R9bn wasted on nuke plan
THE government has finally admitted that the R9 billion it spent on building a new nuclear reactor was a waste of public funds.
Public Enterprises Minister Barbara Hogan announced in Parliament yesterday that the government was finally shutting down the Pebble Bed Modular Reactor (PBMR).
"The government has had to make a decision to no longer invest in this project" she said.
The PBMR was supposed to be a new type of nuclear reactor using graphite pebbles at very high temperatures to generate energy. But it never got off the ground. No country in the world had ever successfully developed PBMR technology.
Hogan said yesterday that the PBMR had not been able to attract a private sector investor and the government could not afford to spend the R30billion needed to develop it to a point where it could actually produce nuclear energy.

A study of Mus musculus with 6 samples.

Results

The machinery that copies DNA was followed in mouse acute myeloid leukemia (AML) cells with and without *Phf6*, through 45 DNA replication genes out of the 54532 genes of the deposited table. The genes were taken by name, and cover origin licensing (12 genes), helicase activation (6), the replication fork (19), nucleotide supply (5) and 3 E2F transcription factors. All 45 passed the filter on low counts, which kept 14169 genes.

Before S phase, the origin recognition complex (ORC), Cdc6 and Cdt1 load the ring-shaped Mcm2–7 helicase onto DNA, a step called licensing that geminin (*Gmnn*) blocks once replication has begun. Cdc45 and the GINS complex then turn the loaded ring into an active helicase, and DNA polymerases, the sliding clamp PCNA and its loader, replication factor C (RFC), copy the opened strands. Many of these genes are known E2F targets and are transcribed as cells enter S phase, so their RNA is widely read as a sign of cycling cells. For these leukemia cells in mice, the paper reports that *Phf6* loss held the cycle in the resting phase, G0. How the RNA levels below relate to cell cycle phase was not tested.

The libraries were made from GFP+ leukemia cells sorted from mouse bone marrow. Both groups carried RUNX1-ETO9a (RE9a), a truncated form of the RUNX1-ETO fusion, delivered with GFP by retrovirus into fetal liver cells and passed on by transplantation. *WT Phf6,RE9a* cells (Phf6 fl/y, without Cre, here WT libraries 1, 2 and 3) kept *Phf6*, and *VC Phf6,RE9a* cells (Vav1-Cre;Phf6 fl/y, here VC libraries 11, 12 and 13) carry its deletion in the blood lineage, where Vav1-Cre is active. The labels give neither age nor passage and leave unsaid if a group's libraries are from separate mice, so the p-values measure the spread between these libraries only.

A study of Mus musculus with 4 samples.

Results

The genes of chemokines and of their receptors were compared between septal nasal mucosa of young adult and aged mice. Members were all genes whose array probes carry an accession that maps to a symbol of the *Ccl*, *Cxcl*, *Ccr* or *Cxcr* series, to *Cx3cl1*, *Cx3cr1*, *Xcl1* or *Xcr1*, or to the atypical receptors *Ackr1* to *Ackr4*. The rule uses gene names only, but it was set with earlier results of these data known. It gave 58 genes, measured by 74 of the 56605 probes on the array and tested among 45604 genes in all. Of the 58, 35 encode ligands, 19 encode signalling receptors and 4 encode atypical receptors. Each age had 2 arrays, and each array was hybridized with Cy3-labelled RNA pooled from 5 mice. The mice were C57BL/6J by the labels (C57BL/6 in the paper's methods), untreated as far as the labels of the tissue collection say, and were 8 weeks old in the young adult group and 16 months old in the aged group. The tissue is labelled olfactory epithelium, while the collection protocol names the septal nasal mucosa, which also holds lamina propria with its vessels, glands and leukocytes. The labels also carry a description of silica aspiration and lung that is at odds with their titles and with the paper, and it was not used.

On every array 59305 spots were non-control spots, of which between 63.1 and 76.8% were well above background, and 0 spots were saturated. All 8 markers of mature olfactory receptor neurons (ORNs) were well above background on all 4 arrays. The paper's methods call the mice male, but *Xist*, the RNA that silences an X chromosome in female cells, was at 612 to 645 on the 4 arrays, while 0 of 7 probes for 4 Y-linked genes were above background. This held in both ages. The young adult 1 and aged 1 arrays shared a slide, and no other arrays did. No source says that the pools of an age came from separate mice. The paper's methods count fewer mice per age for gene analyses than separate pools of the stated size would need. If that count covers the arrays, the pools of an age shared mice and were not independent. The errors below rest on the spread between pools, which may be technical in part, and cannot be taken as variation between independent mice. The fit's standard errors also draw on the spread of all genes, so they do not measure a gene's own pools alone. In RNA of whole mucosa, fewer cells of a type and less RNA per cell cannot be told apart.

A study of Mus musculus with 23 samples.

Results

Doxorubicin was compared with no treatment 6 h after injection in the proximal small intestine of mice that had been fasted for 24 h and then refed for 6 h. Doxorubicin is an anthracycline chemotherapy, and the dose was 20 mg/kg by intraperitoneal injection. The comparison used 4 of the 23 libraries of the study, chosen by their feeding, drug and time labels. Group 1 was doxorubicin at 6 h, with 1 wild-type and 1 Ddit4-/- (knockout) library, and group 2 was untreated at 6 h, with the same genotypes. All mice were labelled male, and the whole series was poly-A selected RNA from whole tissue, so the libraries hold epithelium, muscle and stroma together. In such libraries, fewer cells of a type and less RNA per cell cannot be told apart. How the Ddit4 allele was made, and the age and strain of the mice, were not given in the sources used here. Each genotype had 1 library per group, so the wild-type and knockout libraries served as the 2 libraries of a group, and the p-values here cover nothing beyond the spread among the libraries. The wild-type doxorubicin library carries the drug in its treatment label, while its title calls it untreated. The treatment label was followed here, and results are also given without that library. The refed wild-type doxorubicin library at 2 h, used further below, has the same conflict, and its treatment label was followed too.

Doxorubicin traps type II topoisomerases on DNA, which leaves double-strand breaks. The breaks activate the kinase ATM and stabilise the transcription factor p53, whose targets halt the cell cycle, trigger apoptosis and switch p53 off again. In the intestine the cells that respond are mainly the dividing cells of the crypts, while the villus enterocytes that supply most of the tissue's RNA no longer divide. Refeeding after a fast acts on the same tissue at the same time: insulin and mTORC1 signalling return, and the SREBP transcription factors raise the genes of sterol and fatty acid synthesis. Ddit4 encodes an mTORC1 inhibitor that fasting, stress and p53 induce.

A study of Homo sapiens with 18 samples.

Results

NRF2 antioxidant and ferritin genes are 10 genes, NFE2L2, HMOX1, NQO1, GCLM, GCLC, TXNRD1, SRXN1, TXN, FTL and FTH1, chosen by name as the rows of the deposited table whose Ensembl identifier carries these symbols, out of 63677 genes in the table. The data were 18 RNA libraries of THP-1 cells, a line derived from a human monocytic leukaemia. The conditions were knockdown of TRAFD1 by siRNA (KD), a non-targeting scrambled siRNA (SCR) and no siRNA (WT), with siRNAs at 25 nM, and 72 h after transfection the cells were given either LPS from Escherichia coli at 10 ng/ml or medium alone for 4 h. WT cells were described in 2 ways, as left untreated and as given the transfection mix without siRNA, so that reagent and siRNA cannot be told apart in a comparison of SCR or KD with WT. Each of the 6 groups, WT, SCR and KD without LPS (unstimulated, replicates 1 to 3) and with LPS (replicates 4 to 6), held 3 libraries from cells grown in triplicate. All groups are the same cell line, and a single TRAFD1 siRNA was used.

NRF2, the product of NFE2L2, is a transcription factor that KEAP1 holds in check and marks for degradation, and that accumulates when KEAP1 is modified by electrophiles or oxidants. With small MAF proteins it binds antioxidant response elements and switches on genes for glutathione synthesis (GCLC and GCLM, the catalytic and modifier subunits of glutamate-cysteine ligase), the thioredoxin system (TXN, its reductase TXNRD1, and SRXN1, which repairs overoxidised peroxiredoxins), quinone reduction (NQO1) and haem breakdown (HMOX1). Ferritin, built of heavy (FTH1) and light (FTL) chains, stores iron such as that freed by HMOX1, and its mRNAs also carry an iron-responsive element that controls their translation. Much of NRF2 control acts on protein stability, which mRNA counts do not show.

"The project has been continually missing deadlines. Should South Africa embark on a nuclear build in future it will not be using pebble bed technology" Hogan said.
Hogan's move to shut down the PBMR is an about-turn from the actions of the Thabo Mbeki administration.
Just two years ago, when Alec Erwin was minister of public enterprises, he decided to invest a further R24billion in the PBMR, according to a "Strictly Confidential" document leaked to Sowetan two years ago.
There have been rumours for months now that the PBMR would be closed, but Hogan's statement was the first official announcement from the government.
Earthlife Africa's coordinator Tristen Taylor welcomed the death of the PBMR but said he was concerned about reports that PBMR board members were being paid R2million retrenchment packages.
"The DPE, Eskom and PBMR Company must put their books out in the public domain for examination.
"A full and transparent examination is needed of what happened at the PBMR Company, who benefited from it, and how billions were spent" Taylor said.
ID MP Lance Greyling said he had been objecting to the PBMR for six years. The ID called for a forensic audit.